Dealing with chronic pain is more difficult than anyone can imagine. Think about when you have been in pain before yourself. The relief and elation you feel when that pain is gone is pretty amazing, right? Well, for chronic pain suffers, that relief is something they don’t get to experience. Knowing how to help someone in this position is important. So, let’s take a look at how you can do so…
Be mindful of what you say - The first thing you need to do is be cautious with regards to what you say to the person that is living with chronic pain. Statements like “it could be worse” and “the pain is in your head” are not helpful. Some other statements that aren’t good include the likes of “if you took vitamins, slept more, and exercised more, you would feel better” and “everything happens for a reason.”
Offer help - One of the best things you can do is offer help. However, simply saying, “what can I do to help?” is not a good idea. People won’t want to put on you, and so being specific is more beneficial. For example, you could say that you are making dinner tonight and wondered if your loved one would like some brought over. Or, you could ask if your friend or family member would like you to do some research into their condition for them. For example, they may need help choosing the right orthotist and pedorthist, and so you could offer to do some research online and help them to make this decision. That way, you are helping without taking over.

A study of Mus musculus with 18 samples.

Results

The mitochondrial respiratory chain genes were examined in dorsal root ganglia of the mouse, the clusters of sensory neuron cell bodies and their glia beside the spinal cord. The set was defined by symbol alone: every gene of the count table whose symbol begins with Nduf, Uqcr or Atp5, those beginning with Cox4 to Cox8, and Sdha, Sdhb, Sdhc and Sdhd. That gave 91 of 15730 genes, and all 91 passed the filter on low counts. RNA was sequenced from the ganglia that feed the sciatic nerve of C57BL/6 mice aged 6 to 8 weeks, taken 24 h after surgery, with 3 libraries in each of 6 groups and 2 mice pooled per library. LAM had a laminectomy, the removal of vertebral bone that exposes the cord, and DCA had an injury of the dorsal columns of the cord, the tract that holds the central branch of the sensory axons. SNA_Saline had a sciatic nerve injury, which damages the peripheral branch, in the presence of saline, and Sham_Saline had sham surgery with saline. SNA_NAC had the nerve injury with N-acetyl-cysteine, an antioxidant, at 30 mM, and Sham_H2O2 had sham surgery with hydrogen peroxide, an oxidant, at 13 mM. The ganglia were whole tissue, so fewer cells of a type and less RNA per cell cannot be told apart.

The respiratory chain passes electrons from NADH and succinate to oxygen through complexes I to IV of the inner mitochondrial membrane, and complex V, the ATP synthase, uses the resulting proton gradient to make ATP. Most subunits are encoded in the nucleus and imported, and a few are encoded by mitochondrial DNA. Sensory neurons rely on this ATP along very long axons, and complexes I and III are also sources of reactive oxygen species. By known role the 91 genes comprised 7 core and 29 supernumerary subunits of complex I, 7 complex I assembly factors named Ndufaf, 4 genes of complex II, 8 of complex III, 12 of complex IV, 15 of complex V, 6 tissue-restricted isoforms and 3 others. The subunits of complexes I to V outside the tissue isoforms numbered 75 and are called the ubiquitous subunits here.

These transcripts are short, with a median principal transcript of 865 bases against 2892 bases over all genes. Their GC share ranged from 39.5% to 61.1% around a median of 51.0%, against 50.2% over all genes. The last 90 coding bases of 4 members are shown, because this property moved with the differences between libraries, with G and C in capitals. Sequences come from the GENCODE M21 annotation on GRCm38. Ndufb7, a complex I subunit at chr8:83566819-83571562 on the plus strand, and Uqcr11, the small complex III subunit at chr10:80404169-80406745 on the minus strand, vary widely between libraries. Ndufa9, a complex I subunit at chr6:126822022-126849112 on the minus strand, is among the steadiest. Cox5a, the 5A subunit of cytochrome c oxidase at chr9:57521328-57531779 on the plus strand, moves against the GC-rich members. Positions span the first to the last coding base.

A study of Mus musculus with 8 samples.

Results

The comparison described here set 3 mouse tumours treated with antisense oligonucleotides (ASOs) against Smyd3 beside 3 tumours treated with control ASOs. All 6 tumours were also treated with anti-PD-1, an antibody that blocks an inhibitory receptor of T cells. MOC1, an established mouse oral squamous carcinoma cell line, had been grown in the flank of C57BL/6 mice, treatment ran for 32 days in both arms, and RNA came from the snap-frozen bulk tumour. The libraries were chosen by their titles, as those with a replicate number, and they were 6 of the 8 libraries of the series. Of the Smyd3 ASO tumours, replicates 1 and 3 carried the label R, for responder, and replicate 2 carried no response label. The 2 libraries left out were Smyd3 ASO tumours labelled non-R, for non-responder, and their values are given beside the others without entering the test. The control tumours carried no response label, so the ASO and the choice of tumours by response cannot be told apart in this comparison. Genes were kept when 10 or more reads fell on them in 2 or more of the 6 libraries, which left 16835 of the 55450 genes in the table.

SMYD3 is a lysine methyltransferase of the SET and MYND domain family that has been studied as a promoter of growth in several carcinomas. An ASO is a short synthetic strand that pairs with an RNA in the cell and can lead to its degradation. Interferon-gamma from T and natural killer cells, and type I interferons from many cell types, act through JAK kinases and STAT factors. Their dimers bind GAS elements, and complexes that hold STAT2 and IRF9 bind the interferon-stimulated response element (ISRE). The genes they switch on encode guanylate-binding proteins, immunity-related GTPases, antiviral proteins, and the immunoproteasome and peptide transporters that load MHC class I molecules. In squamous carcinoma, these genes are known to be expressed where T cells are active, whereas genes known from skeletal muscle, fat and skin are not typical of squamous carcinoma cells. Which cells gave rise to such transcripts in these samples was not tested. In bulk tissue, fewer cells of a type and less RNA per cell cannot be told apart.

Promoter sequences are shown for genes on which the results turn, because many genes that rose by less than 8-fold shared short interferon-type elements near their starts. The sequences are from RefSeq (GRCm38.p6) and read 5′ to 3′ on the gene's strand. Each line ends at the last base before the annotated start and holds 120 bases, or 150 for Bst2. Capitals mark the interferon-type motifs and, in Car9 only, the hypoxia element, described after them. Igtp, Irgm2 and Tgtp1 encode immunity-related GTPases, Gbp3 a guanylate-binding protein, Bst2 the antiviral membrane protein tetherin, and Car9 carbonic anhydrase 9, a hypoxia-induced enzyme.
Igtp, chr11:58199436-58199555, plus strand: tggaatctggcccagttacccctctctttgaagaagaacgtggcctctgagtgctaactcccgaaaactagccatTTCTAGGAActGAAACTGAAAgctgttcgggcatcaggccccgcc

Encourage, don’t criticise - It can be very easy to fall into the trap of providing unsolicited advice about what someone should or should not be doing. You may even start doing this without realising, which is why you need to be very aware of it. Yes, you may have heard about different treatments or therapies, but unless your friend or family member welcomes this sort of help, don’t offer it up. They have probably spent countless hours looking for different remedies and so it may not come across as helpful, even though you mean to be.
Don’t take it personally - When someone is unwell, we want to visit them. We want to keep them company and try to cheer them up. However, the problem with chronic pain is that it is so unpredictable, and so it becomes difficult to engage with visitors and manage the pain. Therefore, if the person changes their plans with you or declines your offer to visit, don’t be offended!
As you can see, there are a number of different ways that you can be there for a chronic pain sufferer. If you follow the advice that has been given above, you can make sure that you are a good support system for someone who is in a lot of pain.